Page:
I’ve never really given it much thought but SNK really seemed to love military themed action games in the 80s. It shouldn’t be that surprising considering that particular decade was rife with the stuff like the Rambo series, Commando, Platoon, and who knows how many more. The games were many but they did a good job of varying them up despite the singular themes. In most video games you are a lone soldier out to stop an invading army and rescue prisoners of war. P.O.W. puts you in the shoes of said prisoner as he escapes captivity. The distinction is minor as it still ends up being one man against the world like every game of that era. That doesn’t stop P.O.W.: Prisoners of War from being a cool little gem and a pretty good port of the arcade game minus a few warts.
As a brawler P.O.W. wasn’t the most complicated game in the world. The arcade used a three button setup for punch, kick, and jump. Aside from the basic moves you also had a mean head butt and a back attack to avoid being surrounded. The NES game is limited to two buttons and loses the jump button. Unfortunately it means the controls had to be retooled and something was lost in the process. The jump kick is performed by pressing punch and kick since you can no longer jump. The head butt is gone and the back attack is performed randomly. It’s workable but not the greatest. It is interesting to note that unlike most beat em you can’t throw enemies and its absence is definitely missed.
The basic structure is nearly identical to the coin op however SNK saw fit to add plenty of exclusive content. Each level is littered with side rooms where you can fight to gain power-ups such as brass knuckles to double your attack power, armor for protection and a health refill. It sort of evens out the high difficulty although the game is still cruel. The most substantial addition are actual boss battles to go along with the slightly altered story. In the arcade you only fought against an attack chopper during the conclusion. Here you face each of the leaders of GOON as well as the previously mentioned helicopter and an assault carrier. The last two in particular are pretty cool since you’ll need to pick up dropped grenades to damage them. These additions are extremely cool and make up for some of the game’s failings.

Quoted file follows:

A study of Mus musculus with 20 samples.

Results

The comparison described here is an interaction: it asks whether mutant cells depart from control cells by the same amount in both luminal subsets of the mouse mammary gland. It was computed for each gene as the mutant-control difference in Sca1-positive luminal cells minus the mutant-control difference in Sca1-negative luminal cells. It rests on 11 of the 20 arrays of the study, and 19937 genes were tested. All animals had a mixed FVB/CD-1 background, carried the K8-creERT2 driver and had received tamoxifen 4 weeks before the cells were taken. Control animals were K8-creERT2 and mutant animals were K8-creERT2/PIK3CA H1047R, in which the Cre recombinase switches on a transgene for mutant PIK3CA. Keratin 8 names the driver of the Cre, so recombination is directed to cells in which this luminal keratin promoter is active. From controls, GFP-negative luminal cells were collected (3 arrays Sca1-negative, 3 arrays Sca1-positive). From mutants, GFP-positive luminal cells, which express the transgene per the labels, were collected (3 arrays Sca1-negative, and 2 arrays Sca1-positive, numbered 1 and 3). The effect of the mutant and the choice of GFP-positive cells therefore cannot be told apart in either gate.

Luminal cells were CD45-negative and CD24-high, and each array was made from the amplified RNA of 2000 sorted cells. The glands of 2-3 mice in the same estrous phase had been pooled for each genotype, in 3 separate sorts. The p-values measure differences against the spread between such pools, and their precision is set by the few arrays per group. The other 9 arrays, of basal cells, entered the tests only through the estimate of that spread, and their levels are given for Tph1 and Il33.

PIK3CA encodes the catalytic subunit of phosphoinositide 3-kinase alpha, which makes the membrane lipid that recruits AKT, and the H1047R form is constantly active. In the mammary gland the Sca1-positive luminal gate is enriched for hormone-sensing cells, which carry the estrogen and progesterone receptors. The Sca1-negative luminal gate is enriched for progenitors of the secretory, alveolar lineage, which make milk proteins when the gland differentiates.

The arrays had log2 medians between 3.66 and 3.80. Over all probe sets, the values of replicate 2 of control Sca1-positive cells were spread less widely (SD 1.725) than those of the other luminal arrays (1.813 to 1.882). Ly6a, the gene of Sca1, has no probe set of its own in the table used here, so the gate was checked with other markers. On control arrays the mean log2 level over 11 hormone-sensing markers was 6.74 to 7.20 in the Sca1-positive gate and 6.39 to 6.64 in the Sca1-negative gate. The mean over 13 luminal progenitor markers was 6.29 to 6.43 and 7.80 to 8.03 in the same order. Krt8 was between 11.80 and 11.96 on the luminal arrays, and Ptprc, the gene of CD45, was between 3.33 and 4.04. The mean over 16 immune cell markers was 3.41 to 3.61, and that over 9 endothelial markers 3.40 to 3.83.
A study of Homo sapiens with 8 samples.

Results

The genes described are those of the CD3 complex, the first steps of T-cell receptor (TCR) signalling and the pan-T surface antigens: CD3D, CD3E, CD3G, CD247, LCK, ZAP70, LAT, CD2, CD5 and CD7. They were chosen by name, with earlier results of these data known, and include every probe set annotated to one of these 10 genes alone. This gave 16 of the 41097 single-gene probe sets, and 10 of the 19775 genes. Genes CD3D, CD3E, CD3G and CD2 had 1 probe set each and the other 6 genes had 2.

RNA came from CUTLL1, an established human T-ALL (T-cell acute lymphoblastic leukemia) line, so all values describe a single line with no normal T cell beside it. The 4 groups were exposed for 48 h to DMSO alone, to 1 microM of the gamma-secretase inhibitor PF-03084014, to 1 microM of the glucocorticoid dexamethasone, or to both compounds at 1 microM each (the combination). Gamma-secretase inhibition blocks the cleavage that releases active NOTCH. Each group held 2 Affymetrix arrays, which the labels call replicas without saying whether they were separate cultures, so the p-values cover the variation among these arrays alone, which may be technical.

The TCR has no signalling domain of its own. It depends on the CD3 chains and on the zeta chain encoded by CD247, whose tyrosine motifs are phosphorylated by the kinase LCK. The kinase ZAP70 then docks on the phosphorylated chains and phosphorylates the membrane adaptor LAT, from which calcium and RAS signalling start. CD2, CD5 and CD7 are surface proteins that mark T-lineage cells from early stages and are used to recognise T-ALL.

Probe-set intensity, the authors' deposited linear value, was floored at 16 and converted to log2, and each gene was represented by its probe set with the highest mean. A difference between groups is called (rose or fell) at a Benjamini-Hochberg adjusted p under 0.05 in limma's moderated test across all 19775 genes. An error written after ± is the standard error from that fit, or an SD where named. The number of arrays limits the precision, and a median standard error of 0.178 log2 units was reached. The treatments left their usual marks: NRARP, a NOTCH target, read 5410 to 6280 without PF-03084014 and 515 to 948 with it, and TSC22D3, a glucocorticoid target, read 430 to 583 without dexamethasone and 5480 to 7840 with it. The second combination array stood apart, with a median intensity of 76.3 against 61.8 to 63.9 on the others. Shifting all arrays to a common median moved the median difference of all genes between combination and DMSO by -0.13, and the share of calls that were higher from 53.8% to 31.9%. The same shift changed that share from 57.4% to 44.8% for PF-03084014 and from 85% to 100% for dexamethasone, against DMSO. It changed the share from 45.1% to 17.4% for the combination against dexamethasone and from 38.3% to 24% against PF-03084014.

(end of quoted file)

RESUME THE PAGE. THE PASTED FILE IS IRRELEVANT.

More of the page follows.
Five stages doesn’t sound like much but P.O.W. is surprisingly long, mostly for the wrong reasons and on top of that is a particularly challenging beast. Each level is about the size of two stages from any other beat em up if you can believe it and filled with optional side rooms you can enter for power-ups. The one thing you have to keep in mind with P.O.W. is that the game is relentless despite the slightly slower pace. As soon as you’ve finished off a group of three enemies 2 or 3 more groups are waiting in the wings. If the average level in say Double Dragon has 15-20 thugs Prisoner of War is skirting closer to 50.
As you can imagine it’s incredibly tedious, especially considering they take so long to die. This is the main reason the game is so long. Your movements are slow and there are an incredible number of cheap hits. I haven’t even mentioned the exploding grenades and lasers that spell instant death. This is a tough one that will take more time your average brawler to complete. And not in a good way.
Like most of SNK’s NES games Prisoners of War looks great. Obviously it can’t match its big brother but they have done a particularly excellent job of adapting retaining its look. The sprites are larger than in most similar games and even with three or four on screen it never slows down. Most of the level additions keep the same tone in terms of art and even the new bosses look great. The soundtrack is similarly excellent; the music is all new specific to this version and a bit more energetic than its arcade counterpart but still fits the game’s tone if you can believe it.
Despite my faults with it I really like P.O.W. Double Dragon 2 is still my favorite beat em up for the system but Prisoners of War is a close second or third. Definitely worth tracking down and another notch in SNK’s belt in terms of their NES arcade conversions.